Recognizing who perpetrates harm can make it easier to stay safe and reach out if someone needs help.


Eight out of 10 sexual assaults are committed by a person the victim knew in some way. So why are we focusing nearly 100% of our energy on the group responsible for only 20% of cases? I speak from the perspective of a student, a peer health educator and a person who has experienced harm. That being said, I think we focus on strangers because it is easier. When I look for ways to keep myself safe, it is simpler to second guess the intentions of a person I have never met rather than someone I feel I know. Not only would it be taxing to constantly be on guard, but balancing building and maintaining a relationship with someone while trying to keep them at a distance would cause so much internal conflict.

One example of this conflict that comes to mind is making guy friends in my classes. As a bisexual woman in a long-term relationship with another woman, I find it difficult to set boundaries with men that any relationship would be strictly platonic. The very first semester of my freshman year, I sat next to a classmate who we’ll call Brad. After a few classes of small talk, I felt enough courage to mention my relationship, hoping he’d chalk me up to a lesbian and eliminate any hidden sexual agendas. At first, he took it really well, he mentioned he had a girlfriend too and we continued on as normal. About a month later he walks into class looking distraught and says his girlfriend had broken up with him. I offered him as much support as a classmate could and tried to lighten the subject, but something was still off with Brad. Suddenly he was bringing up more and more sexual topics with me, commenting on my body, and not so subtly flirting. I tried to brush it off at first; every time I thought about the way he acted I felt torn between the validity of my feelings and wanting to maintain my first college friendship. Then one day, I mentioned I had gotten a new tattoo on my leg and he reached over and grabbed my thigh saying he was “curious and wanted to see it.” I was in shock, all the time I spent talking about my relationship and hiding my bisexual identity felt like a waste. I could no longer ignore his intentions and because of that I never talked to Brad again. Had I entered this friendship with the knowledge I have today, I would have trusted in my reactions that he was disrespecting my identity and relationship. Yet, at the time, I was so focused on those I had never talked with to even question my study partner.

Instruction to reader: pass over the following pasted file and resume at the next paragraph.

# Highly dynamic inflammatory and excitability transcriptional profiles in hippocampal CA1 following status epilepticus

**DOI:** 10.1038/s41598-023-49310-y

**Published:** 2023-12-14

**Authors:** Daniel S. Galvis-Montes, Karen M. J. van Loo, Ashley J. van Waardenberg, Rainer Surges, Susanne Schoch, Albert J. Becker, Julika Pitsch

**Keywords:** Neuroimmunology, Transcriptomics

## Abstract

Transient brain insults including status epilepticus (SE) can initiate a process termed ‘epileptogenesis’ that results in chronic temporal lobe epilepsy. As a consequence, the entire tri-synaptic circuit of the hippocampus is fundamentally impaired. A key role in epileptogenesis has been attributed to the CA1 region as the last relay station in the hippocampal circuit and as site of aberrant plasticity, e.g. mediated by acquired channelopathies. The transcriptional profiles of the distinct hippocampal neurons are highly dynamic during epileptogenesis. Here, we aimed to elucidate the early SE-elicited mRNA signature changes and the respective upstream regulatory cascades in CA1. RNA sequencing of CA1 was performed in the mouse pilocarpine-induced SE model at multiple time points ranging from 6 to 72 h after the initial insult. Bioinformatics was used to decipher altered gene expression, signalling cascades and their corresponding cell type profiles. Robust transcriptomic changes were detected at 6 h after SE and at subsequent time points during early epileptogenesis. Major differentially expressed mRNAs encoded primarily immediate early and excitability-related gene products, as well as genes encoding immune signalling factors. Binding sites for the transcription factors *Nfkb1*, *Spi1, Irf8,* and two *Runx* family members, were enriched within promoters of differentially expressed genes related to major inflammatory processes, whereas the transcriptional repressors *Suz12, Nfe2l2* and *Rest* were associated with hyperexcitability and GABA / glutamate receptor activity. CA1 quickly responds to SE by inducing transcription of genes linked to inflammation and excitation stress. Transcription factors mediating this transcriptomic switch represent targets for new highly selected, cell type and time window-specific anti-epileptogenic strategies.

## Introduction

So what am I trying to get at? I do not intend to cause an existential crisis or destroy all sense of safety, but to challenge the discussion we have about violence in our communities. Recognizing who perpetrates harm will make it easier to stay safe and reach out if someone needs help. That being said, changing the narrative is not easy. So what can you do? You can help this process by focusing on the small, seemingly inconsequential, habits that uphold the idea of “stranger-danger.” For example, if a child expresses discomfort at the thought of giving someone a hug, rather than asking them to give the hug anyway, we can ask questions to better understand the child’s feelings. By taking the time to listen to the child’s concerns we teach them it is ok to set physical boundaries, as well as establish a safe space for future conversations. This concept goes for personal feelings as well. If someone causes you to feel uneasy, do not downplay your feelings, regardless of how well you may know the person. You can limit the number of interactions you have with them and even reach out to a third party to express your concerns. Lastly, you can remember this principle if you receive a disclosure of interpersonal violence. If someone tells you that a person they know caused them harm, believe them. This first stage of healing is crucial for victims of sexual violence and their journey of recovery will go much smoother if they receive validation. If we take time and start with these small changes, we will eventually begin to diminish violence in our communities.

Tayler Bseiso is a student staff member of the McCluskey Center for Violence Prevention as well as a volunteer peer health educator at the Center for Student Wellness. Their major social identities include being a white, bisexual woman who uses the pronouns they/them/theirs as well as she/her/hers.